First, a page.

What Works? What Doesn?t? Applying the BoP Framework
Right about now Ann Arbor, MI is buzzing with thousands of attendees ready for Net Impact, which begins tomorrow and for which we’ll have plenty of coverage. Meanwhile, a smaller (but no less important) group was wrapping up a Base of the Pyramid Impact Assessment Workshop, aimed at helping them separate the wheat from the chaff when it comes to economic and social impact.
The workshop, which was organized by the William Davidson Institute for the second year running, attracted seven participants from five countries representing the nonprofit, private sector and academic worlds. The basis for the workshop is the BoP Impact Framework developed by Ted London of WDI and a NextBillion Advisory Board Member. We’ve written about the framework here and here before, but it was created to help organizations identify and track poverty alleviation impacts as a way of enhancing their missions.
During the workshop, participants conducted an initial strategic assessment of their organizations; learned more about research design, sample size, developing a survey, creating a sound data collection process, implementing a survey and analyzing data. Of course, the key is actually applying each of the concepts. Each participant had a trial run on doing just that by presenting his or her action plan to the group, and receiving feedback from fellow attendees and WDI representatives, including Heather Esper.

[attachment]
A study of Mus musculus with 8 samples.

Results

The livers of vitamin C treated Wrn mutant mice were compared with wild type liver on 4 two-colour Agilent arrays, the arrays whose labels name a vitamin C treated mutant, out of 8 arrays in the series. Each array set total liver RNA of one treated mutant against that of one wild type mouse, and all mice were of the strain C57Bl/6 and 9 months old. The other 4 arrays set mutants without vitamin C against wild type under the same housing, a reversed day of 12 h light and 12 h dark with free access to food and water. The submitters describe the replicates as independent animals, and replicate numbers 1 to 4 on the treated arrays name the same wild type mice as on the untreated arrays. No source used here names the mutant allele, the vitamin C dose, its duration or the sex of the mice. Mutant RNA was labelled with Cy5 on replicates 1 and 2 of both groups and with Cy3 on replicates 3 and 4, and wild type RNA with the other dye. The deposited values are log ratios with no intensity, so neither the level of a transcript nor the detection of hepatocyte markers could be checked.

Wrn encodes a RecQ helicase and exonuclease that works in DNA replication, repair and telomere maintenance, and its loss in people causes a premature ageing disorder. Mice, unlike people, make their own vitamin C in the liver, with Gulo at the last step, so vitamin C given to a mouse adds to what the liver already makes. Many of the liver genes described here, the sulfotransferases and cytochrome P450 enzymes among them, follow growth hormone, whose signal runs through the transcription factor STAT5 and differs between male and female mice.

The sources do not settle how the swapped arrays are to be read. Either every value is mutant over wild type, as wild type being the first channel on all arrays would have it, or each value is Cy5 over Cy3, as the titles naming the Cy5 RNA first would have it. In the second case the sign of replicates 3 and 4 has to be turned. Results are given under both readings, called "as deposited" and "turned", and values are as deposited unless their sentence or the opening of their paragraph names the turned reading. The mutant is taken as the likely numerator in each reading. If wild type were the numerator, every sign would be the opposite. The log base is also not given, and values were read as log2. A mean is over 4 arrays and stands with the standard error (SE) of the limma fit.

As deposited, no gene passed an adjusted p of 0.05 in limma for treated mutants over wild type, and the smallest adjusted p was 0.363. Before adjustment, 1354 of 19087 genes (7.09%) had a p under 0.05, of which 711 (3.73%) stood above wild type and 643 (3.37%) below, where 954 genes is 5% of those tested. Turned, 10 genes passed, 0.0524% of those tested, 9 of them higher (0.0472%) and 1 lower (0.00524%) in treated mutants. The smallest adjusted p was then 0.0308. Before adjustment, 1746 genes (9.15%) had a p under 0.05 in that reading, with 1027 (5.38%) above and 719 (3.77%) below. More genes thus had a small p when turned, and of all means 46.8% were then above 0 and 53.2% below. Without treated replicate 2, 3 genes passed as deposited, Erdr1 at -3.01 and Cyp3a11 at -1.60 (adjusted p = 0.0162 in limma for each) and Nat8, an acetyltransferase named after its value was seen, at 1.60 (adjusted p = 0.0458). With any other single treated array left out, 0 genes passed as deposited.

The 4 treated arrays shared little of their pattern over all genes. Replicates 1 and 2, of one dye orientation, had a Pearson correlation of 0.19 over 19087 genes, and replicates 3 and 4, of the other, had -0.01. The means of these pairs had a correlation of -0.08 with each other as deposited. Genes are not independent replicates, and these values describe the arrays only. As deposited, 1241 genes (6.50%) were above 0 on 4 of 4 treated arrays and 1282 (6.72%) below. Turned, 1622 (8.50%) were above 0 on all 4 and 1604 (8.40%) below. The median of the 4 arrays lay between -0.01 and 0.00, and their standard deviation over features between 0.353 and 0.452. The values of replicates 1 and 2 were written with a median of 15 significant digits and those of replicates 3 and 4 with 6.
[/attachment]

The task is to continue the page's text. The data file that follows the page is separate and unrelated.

In addition to understanding the framework, what hit home for Kyle Cahill, who manages the Poverty Footprint for Oxfam America, was the importance of truly understanding BoP consumers and going into any assessment process with a “blank slate.”
“Often from a Western or purely private sector point of view, various solutions, or problems or challenges/opportunities aren’t recognized until you’re on the ground and truly understanding how people live, how people interact, how they purchase, how they don’t purchase,” Cahill said. “The real focus (is) on being very open, but also being very focused on both respecting and understanding through the eyes of the people.”
Stephanie Jayne, Senior Research Officer of Nuru, said understanding the broader implications of any BoP enterprise was an important message of the workshop.
“(A key takeaway) is really being very intentional about the pros and cons for any intervention, whether they be revenue generating or poverty alleviation programs,” Jayne noted.
As I mentioned at the top of the post, we’ll be covering Net Impact, which will be taking place here at the University of Michigan campus, and where assessment will no doubt be a major discussion point.